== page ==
The Israeli army announced on Saturday that it had destroyed a tunnel dug by Hamas — the Palestinian militia ruling the Gaza Strip — a few feet before it reached the Israeli border, and that it was also shutting down the main cargo crossing into Gaza after fire damage by protesters Friday had rendered it "totally unusable."
It was the ninth such tunnel demolished in the last seven months, according to the Israeli army.
On Saturday, the Health Ministry in Gaza reported that a 15-year-old Palestinian identified as Jamal Abu Arahman Afaneh had died from wounds sustained during the protests, raising the death toll from Friday's demonstrations to two, and the total number of Palestinian deaths since protests started on March 30 to 49.
A potentially more violent week ahead looms across all Palestinian territories — along with a surge in casualties — as the weekly protests culminate with a threatened breach of the border.
Palestinians and Israelis on either side of the Erez border crossing reported loud blasts about 8 p.m. Erez is a pedestrian crossing that 52,000 people used in 2017, according to the Israeli army, "the overwhelming number for humanitarian purposes," said Lt. Col. Jonathan Conricus, a spokesman for the Israeli army.
In addition to its immediate and practical effect, the surgical strike on the tunnel along Erez is a signal to Hamas that Israel will not shy away from exerting the full force of its military, if necessary, during a week that will include the inauguration of a new U.S. Embassy in Jerusalem; Nakba Day, in which Palestinians mark their dispossession during Israel's war of independence; and the start of Ramadan, the holiest month of the Islamic calendar — each potent events fraught with national, cultural and religious meaning.
Palestinian authorities said that 10 missiles were launched during the Israeli strike to destroy the tunnel, causing no casualties.
Conricus said the half-mile-long tunnel had been dug for months and tracked by the Israelis for weeks.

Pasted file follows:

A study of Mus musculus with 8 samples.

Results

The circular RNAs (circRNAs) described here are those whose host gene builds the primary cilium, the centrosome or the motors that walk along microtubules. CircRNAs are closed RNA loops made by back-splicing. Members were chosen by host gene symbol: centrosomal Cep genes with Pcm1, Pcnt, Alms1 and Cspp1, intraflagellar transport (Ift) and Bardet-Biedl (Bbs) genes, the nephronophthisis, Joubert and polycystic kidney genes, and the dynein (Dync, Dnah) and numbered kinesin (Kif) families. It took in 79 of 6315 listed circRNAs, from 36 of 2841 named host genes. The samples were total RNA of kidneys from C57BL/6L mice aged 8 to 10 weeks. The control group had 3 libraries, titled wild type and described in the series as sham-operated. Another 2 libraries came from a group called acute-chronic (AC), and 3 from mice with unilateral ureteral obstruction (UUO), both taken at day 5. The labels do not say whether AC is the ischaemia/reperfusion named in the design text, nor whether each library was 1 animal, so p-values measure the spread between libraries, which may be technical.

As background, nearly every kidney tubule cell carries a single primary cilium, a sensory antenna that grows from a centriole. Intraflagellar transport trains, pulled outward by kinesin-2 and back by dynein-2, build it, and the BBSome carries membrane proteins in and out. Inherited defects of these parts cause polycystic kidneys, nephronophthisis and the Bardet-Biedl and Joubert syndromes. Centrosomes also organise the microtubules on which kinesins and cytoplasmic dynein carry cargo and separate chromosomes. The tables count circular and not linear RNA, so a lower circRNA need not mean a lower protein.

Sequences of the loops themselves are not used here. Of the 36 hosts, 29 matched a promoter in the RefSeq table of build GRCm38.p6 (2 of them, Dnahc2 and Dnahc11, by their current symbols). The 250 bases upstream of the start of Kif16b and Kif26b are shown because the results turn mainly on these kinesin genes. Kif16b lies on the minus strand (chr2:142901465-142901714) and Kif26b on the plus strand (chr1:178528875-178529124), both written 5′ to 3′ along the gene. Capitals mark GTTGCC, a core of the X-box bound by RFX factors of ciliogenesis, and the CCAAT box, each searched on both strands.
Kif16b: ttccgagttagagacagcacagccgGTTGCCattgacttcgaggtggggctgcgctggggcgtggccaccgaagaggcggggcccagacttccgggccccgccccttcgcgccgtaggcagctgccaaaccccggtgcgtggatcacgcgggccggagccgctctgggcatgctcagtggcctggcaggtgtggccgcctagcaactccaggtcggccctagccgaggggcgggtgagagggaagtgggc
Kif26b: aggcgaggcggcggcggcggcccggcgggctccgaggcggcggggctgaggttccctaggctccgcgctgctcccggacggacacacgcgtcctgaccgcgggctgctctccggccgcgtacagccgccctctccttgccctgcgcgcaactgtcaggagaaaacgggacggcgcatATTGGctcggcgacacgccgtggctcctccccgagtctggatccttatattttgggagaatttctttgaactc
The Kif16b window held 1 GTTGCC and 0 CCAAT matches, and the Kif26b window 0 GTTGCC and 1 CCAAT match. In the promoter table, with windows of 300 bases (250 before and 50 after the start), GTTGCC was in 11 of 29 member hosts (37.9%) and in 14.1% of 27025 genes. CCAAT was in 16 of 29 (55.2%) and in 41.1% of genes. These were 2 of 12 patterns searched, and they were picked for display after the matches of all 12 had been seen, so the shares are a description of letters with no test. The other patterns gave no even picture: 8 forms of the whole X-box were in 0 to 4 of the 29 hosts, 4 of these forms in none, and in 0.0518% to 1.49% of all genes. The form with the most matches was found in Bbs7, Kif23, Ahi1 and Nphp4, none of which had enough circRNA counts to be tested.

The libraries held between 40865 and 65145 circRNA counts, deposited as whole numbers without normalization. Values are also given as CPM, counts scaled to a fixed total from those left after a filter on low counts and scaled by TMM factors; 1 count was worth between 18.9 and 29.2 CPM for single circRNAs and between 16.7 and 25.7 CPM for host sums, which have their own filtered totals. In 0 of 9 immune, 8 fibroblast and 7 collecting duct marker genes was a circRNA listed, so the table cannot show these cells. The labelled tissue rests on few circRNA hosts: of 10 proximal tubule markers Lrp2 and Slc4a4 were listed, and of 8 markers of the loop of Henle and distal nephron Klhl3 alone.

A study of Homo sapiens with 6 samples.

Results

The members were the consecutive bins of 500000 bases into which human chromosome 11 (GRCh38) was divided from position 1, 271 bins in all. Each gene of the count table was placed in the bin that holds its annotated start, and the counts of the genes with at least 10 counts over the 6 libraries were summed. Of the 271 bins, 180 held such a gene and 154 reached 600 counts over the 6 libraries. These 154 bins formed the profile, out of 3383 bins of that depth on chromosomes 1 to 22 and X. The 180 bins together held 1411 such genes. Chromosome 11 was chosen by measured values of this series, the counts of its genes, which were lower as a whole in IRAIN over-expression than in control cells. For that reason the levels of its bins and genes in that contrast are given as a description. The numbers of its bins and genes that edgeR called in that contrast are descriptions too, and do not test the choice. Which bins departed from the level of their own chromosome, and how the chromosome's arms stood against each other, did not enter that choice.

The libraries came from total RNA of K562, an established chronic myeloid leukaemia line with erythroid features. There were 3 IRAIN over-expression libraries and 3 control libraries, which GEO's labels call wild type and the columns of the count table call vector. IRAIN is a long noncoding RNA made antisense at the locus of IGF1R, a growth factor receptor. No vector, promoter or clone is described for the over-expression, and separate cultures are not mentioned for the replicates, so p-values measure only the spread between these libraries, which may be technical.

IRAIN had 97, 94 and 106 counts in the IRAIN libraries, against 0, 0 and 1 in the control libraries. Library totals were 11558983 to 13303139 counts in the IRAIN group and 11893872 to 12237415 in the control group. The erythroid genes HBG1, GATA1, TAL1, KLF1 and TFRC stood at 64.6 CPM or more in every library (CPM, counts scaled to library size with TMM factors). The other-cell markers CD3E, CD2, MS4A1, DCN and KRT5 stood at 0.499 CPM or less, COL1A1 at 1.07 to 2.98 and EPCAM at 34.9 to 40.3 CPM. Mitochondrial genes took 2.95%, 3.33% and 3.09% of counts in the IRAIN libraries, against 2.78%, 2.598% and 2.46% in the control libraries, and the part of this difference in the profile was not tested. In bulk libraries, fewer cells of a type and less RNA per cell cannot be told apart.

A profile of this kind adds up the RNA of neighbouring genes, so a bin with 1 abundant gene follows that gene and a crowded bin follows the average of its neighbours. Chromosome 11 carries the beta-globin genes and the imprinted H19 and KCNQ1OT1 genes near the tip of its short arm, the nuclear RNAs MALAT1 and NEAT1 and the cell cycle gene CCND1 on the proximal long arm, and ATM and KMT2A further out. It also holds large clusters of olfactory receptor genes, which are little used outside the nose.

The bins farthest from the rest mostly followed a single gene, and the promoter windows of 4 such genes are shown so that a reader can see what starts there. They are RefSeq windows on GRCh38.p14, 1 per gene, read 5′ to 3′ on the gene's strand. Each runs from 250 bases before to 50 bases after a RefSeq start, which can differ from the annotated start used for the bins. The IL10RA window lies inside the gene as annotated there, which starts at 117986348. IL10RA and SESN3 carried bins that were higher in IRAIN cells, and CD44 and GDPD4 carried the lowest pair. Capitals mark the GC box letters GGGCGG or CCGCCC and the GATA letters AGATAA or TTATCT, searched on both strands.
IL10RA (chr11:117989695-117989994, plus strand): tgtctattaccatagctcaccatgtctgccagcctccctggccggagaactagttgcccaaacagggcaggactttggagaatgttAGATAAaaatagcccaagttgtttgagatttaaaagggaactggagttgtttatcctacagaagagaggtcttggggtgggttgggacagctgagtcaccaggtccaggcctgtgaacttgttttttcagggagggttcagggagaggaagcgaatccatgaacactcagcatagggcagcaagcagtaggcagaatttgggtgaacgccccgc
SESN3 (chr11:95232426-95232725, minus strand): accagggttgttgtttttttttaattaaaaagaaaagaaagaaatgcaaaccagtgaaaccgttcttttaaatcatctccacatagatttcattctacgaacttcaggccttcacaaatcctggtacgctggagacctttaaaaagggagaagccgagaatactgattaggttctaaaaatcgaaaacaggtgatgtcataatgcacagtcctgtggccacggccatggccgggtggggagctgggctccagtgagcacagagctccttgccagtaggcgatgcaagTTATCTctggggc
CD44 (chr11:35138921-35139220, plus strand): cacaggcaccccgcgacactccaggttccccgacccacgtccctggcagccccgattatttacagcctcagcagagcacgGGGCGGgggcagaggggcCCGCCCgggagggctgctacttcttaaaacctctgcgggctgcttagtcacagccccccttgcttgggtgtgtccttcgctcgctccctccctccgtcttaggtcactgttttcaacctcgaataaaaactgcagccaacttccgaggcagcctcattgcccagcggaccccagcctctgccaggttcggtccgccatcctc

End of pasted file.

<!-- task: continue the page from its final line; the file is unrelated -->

"The Hamas terror organization is trying to create a violent situation and conduct terrorist activity" under the cover of "riots and demonstrations next week," Conricus said, adding that the Israeli army was prepared for any eventuality.
"The Israeli bombing is a miserable and failed attempt to prevent the participation of the masses of our people in the Gaza Great March of Return," Hamas said in a statement. "Our answer to this attempt will be the participation of huge numbers in the march toward the border demanding their rights.
"Our people's response will come on Monday by marching" to the fence, the statement said.
Israel fears that in the coming week up to 100,000 Palestinians could gather in massive demonstrations at the Gaza border and across the West Bank, where the population has so far remained indifferent to the movement in Gaza. Hamas has threatened to organize masses of people to storm the fence that separates Israel from the beleaguered enclave that has subsisted under a virtual siege since Hamas took the territory over in 2007.
The army said it is deploying three infantry brigades to potential points of conflagration, and coordinating with Israeli security services, police, firefighters and other emergency services in preparation for the week.
Conricus said the army did not have any plans for arresting or otherwise stopping thousands of people crossing into Israel if the attempt to breach the border is successful, since "we are determined to avoid any infiltration into Israel and any terror attack on Israeli targets, military or civilian."
He said the army planned to use tear gas and other nonlethal riot dispersal methods and would resort to live ammunition only as a last resort. He also said Israel would try to convey a message of moderation to "everyday Gazans," including instructions that they protest "at a safe distance from the fence."
"We are telling them not to come closer than 300 meters (about 1,000 feet) from the fence. We are telling them that anyone who comes closer than that is putting his life in danger. They should stay away," he said.
Saturday's bombing was also a signal to Israelis living on the border with Gaza, who have grown increasingly anxious as the middle of May approaches, that the army is vigilantly protecting their communities.
The indefinite closing of the Kerem Shalom border post is likely to bring even more misery to Gaza's devastated population. Fuel pipes destroyed in fires there are the only vehicle for importing diesel into Gaza for hospital generators and other basic facilities.
On Saturday, the Israeli army released a video showing a few dozen Palestinians cheering as the Kerem Shalom crossing burned.
"Hamas is trying to transform the border fence protests, including those expected to take place Monday and Tuesday, into covers for terror attacks," said Brig. Gen. Ronen Manelis, the Israeli army's chief spokesman.
"Hamas' action yesterday against the Kerem Shalom crossing is cynical to both Gazans and donor countries…. Hamas is killing the Gaza Strip."